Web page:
I don’t know if anyone else has noticed, but the videogame cataloging system is in dire need of revision. I’m talking about all the different genre titles that define the style of game play: names like “first person shooter,” “strategy,” “beat ’em up.” I really feel that a lot of them are becoming increasingly misnamed. Take “simulation,” for example. Surely every game is a “simulation” of something, whether it be flying a World War 2 fighter plane or finely slicing the buttocks of minotaurs. Same goes for “adventure.” Even more specific names like “shooter” don’t encapsulate the grab-bag of genres most shooters are these days; the word “shooter” could just as easily apply to both Uncharted 2 and Space Invaders.

But the worst of these is “role-playing game,” and the fact that its definition has never been particularly clear doesn’t help. Again, surely every game has you playing a role to a certain extent, but presumably it’s intended to harken back to the old pen-and-paper role-playing games you used to play with your little friends around the kitchen table in your pathetic, idle youth (or pathetic, idle current existence). But those games were about literally taking on a role; by this token the only true video RPGs are ones like Mass Effect or Vampire: Bloodlines that let you make dialogue and action choices that define the nature of your character’s personality, and there are plenty of RPGs that don’t do that.

Okay then, so I guess an RPG is a game where you select from a list of characters at the start, or guide your character down a certain development path, creating individually skilled protagonists who all approach problems with different solutions depending on their specialties. But this could apply equally to both Torchlight and Oblivion, which are still extremely different games. At a pinch, it could also apply to Team Fortress 2. Besides, where exactly does the JRPG fit into all this? The protagonist is always the same (usually an angsty androgynous douchebag) and the story is fixed. Many of them don’t let you pick your own stat bonuses when you level up. They might as well just make the games entirely cutscenes, that’s clearly the direction Final Fantasy wants to go in.

So clearly the solution is to come up with some new genre names so that games can be properly classified. JRPGs, for example, could be easily reclassified as ‘Stupid Gay Rubbish’. And games like Torchlight could be filed under ‘Games Where You Click On Things A Lot’, to go alongside Monkey Island and Windows Minesweeper.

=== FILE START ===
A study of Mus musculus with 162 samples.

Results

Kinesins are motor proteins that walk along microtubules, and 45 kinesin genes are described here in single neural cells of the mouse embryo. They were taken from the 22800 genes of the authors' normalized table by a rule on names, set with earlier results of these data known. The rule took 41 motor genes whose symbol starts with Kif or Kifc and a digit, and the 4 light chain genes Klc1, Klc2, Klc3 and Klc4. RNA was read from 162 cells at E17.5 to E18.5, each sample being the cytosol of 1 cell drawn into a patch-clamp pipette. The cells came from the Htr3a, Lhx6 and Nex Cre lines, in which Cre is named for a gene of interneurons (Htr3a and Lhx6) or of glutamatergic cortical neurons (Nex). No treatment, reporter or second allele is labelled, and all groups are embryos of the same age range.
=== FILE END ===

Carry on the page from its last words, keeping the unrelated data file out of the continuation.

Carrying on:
Yeah, that’s all I’ve got. Not much to talk about this week. Let’s just go to the callers.

– sag_ich_nicht, via email

Yes, this was the gist of quite a lot of the Torchlight feedback. Yes, you can certainly hold the mouse button down to keep attacking an enemy, but my concern was about needless energy loss, and keeping the mouse button depressed is still a far worse solution than just clicking once to keep attacking an enemy until they die. If I start attacking someone, I am not going to change my mind half-way through. Maybe if they turned into kittens after taking a certain amount of damage, or if I wanted to break off the attack to block an attack coming from another angle, but Torchlight isn’t that kind of game.

Yes, this is as inconsequential as fuck, but tell that to the people who email me.

“Why does every ‘rpg’ nowadays need a dog?”
– Aleate

That’s a good point. RPGs do seem to be getting increasingly big on pets. Best guess, it’s because World of Warcraft has pets and World of Warcraft goes to work every day on a private jet staffed entirely by hot elf chicks. Perhaps gamers are such manchildren these days that they have difficulty coping with the adversity of RPG dungeons without having a little snuffly friend to give them comfort and unconditional love. Or perhaps it’s an offshoot of the co-op gameplay trend reflected in such games as Gears of War, Resident Evil 5 and Borderlands, but catering to people who don’t like other human beings (i.e. RPG players).

Hey, speaking of Borderlands:

Borderlands, how about it, eh?”
– “some bloke,” via email

I’ve been obstinately not reviewing Borderlands ever since it came out, and I was kind of hoping this fact would slip by unnoticed, but enough people have slipped on it that it probably bears explanation. I played it in single player for a bit and thought it was excrementally boring, but I’d heard it was best played multiplayer. As I have mentioned before in this column I avoid online multiplayer because my brain still works. I did get someone around to play it split-screen, but then we got bored half-way through the lengthy opening tutorial and went out for a pie. So the truth is I haven’t really given it enough of a chance in its proper environment, and with the busy bar-opening and book-writing schedule for this year I’m not sure it ever will have a chance.

Yes, I know all you kids seem to like it. What can I say. Sorry all this free entertainment doesn’t meet your exacting standards.

Yahtzee is a British-born, currently Australian-based writer and gamer with a sweet hat and a chip on his shoulder. When he isn’t talking very fast into a headset mic he also designs freeware adventure games and writes the back page column for PC Gamer, who are too important to mention us. His personal site is www.fullyramblomatic.com.